Brexit: EC to ramp up no deal warnings as Raab faces press conference snub

The European Commission will tomorrow urge member states, businesses and private individuals to step up their preparations for no deal, ahead of the first meeting between Michel Barnier and Dominic Raab.

The Brexit secretary will meet his counterpart in Brussels tomorrow afternoon, however it is understood there will be no press conference at the end of the talks, as was usual with his predecessor David Davis, with sources suggesting it was "very unlikely" at this stage.

In tandem, however, City A.M understands a Brussels taskforce will build on recommendations reached at June's European Councils that countries, businesses and citizens begin preparations for a no deal in earnest. It is thought a document may be published setting out what should be carried out to ensure readiness for all eventualities, with particular focus paid to those most affected – namely businesses that trade between the EU27 and the UK.

Sources indicated there was resistance to the Chequers deal and a concern that it could not pass in Westminster, let alone Brussels. It is thought that a delay in progress – which is seen as a UK problem – has affected the focus on preparing for no deal, although some preparations would have been required in any case.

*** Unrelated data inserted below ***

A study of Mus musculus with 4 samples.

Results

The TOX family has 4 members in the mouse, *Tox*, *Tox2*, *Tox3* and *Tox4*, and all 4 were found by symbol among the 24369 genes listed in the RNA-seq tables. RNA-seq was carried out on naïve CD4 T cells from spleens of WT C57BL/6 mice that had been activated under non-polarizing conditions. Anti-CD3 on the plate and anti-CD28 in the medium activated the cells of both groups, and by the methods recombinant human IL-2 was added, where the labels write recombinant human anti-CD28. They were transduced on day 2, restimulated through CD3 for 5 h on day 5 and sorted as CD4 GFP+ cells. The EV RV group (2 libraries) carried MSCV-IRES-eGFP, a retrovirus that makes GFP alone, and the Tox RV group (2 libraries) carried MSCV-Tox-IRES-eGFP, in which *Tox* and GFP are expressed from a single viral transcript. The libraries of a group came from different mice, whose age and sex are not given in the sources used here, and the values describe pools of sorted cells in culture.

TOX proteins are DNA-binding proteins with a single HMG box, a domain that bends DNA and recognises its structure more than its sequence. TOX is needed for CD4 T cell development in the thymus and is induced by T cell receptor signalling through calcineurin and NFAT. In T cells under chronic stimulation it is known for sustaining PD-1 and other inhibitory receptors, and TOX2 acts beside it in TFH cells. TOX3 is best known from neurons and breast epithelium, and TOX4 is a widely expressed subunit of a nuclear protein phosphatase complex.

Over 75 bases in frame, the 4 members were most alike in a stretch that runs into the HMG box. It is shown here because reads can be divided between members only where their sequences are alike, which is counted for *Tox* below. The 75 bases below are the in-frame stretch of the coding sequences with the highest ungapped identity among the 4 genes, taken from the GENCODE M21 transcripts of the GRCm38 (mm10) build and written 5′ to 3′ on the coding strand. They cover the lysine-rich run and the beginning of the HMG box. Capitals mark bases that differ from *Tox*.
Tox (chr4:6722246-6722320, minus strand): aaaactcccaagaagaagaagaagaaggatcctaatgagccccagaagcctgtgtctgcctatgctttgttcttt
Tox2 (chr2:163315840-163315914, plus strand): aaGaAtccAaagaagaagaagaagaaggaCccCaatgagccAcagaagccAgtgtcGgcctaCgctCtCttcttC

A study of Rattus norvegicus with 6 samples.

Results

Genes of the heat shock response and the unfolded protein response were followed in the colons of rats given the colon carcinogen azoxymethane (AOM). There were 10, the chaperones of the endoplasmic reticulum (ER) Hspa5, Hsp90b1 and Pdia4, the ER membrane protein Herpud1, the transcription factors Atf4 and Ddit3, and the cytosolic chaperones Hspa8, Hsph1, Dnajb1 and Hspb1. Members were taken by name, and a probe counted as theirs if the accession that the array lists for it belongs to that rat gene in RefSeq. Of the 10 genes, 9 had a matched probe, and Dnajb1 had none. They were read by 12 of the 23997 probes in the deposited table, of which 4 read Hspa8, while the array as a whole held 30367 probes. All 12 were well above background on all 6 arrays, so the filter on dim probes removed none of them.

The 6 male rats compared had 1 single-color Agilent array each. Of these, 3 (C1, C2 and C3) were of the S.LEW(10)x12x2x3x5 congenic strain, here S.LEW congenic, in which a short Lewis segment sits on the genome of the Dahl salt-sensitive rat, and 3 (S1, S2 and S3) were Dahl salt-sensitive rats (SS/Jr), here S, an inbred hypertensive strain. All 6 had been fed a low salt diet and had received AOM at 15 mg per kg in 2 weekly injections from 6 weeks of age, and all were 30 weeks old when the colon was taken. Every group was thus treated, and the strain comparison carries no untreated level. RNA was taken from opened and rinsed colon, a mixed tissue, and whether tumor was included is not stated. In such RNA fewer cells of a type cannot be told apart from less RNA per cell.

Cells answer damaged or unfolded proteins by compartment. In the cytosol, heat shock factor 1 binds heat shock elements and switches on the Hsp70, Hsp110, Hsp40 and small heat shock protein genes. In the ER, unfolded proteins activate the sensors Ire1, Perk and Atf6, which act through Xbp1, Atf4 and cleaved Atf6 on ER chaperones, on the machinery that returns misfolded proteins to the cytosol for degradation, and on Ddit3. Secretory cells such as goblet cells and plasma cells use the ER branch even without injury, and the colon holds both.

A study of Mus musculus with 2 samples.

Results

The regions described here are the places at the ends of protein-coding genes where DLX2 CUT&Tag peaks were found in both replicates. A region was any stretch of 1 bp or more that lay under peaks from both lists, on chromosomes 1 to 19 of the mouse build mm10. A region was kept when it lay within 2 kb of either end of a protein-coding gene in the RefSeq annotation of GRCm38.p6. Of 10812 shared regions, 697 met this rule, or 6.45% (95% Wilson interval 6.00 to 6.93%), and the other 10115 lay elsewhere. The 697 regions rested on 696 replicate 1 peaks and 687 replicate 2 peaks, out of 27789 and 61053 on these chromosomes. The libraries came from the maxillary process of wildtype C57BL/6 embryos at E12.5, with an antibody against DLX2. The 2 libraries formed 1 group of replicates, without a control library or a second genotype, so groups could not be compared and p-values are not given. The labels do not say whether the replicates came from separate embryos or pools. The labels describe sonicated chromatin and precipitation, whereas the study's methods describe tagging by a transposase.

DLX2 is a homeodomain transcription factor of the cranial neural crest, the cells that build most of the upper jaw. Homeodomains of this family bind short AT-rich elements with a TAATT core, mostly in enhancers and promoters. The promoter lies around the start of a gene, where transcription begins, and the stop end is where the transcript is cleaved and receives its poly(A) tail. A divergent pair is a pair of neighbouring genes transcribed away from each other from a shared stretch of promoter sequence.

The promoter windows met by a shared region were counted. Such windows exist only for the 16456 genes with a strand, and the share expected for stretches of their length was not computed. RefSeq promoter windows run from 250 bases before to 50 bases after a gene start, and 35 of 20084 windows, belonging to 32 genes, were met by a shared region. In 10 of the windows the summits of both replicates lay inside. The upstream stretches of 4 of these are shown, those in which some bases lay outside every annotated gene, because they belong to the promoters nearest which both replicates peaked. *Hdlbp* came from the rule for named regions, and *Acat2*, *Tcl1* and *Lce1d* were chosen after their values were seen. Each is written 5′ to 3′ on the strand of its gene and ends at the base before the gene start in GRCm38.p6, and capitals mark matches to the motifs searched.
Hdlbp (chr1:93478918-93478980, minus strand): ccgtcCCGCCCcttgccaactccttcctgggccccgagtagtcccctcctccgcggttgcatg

This morning it was reported that the Irish government was to be discussing plans for a no deal, focusing on trade with Great Britain, such as customs and veterinary controls at ports and airports.

Foreign minister Simon Coveney was to present Cabinet colleagues with a paper setting out plans for all scenarios, including remaining in the Single Market, remaining in the customs union, a trade agreement and a "worst case", or WTO, scenario.

However as yet there is no plan for a hard border on the island of Ireland, as both the UK and EU have ruled this out.

According to the Guardian, the Irish Taoiseach Leo Varadkar, has blamed the chaos in Westminster for a failure to push forward.

“We cant make assumptions that the withdrawal agreement will get through Westminster,” he said. “Its not evident, or not obvious, that the government of Britain has the majority for any form of Brexit, quite frankly.”

The UK government has also recently stepped up its own no deal preparations.